Sunday, February 14, 2016

February Recommendations

It’s time for Recommendations, and a few thoughts about book awards:

There’s a definite downside to them, in that many amazing books don’t win the big awards, and maybe because of that they don't ever get the readership they deserve. Which is sad, considering how subjective awards are.

Conversely, I am very, very grateful to this year's awards for helping me get to some wonderful books I might not otherwise have read.

Here are my favorite recent post-award picks:


BONE GAP, by Laura Ruby, is both lyrical love story and chilling mystery. Finn is a moony kind of dude, and when beautiful Roza disappears, Finn has trouble identifying her kidnapper even though he was with her at the time it happened. Without any clues, people stop believing him, including the police and brother Sean, who has lost more than any brother deserves to lose. Yet the town of Bone Gap is full of secrets and magic, including talking corn, a huge black horse that appears out of nowhere, and the terrifying man lurking at the fringes of Finn’s vision. Mythic yet pragmatic, and wholly original. (YA)

THE WAR THAT SAVED MY LIFE, by Kimberly Brubaker Bradley, is a wonderfully moving novel reminiscent of Michele Magorian’s classic, Goodnight, Mr. Tom. Ten-year-old Ada, born with a club foot, is kept prisoner in her cruel mam’s tiny apartment. When brother Jamie is evacuated from London to avoid Hitler’s bombs, Ada makes sure she’s on that train, too. Reluctantly taken in by Susan Smith, in a small village in the Kent countryside, Ada’s world begins to expand in unimaginable ways. But trust is hard to learn, especially since Ada knows what awaits her when the war ends. Yes, I cried. (MG)

WINTER, by Marissa Meyer, is a satisfying conclusion to The Lunar Chronicles, which began with the groundbreaking cyborg Cinderella story, Cinder. In this one, Princess Winter is breathtakingly beautiful, and beloved by the people of Luna. Is it any wonder that her evil stepmother, Queen Levana, wants her dead? But, instead, Princess Winter finds herself swept up in a revolution in which she herself will play no small part. Reuniting in this volume are Cinder, Scarlet, Cress, Emperor Kaito, and all of the cast of memorable characters who populate this series. (YA)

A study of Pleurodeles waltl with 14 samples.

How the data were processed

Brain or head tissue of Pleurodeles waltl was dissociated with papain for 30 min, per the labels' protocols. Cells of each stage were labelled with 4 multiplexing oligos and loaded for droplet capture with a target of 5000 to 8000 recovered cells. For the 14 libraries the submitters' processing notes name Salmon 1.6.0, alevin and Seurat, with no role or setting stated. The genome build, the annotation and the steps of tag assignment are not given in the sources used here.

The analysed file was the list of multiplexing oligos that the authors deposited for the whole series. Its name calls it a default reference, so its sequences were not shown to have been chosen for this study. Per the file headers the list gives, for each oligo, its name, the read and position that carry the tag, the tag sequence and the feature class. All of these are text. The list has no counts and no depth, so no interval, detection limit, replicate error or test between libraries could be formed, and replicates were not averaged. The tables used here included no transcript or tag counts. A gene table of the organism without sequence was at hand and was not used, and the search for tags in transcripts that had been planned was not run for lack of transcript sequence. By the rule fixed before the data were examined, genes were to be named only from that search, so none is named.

Picture books:

LAST STOP ON MARKET STREET, with words by Matt De La Peña and pictures by Christian Robinson, surprisingly won the Newbery Medal this year, as well as a Caldecott Honor. Young CJ and his Grandmother travel across town by bus, recognizing the beauty in their lives. and celebrating the small things which might otherwise go unnoticed. It’s a stunning combination of text and image.

FINDING WINNIE: The True Story of the World’s Most Famous Bear, by Lindsay Mattick, illustrated by Sophie Blackall, Is the 2016 Caldecott Medal winner. A charming story about the bear who inspired Winnie-the-Pooh, the illustrations are terrific, and the layouts particularly caught my eye. I’ll be spending some time studying them.

PEPPER AND POE, by Frann Preston-Gannon, is an adorable tale of one happy cat whose life turns upside down when a new kitten shows up. Distinctive illustrations and spare prose make this new sibling story completely accessible.


Monday, February 1, 2016

February's Book of the Month--Echo

February’s Book of the Month is the luminous ECHO, by Pam Muñoz Ryan, which recently won a Newbery Honor. When Otto gets lost in the forest, he meets three otherworldly sisters who infuse his harmonica with magic, and the tale begins.

We follow as this harmonica touches the lives of three children who could all use a little magic: First there is Friedrich, who must save his father from one of Hitler’s concentration camps, then orphaned Mike in depression-era Philadelphia, and finally Ivy, daughter of Mexican American farmworkers in World War II California. All three children build better lives through their love of, and talent for, music.

Structurally, this novel comes full circle, with the different narrative segments held together by the same magical harmonica. As each owner passes the instrument along, so do readers follow the path of this story.

The writing is lovely, and while the vehicle is music, this novel celebrates art and artists of all kinds, as did the author’s previous work, THE DREAMER.

Read ECHO and prepare to be inspired, energized, and enriched.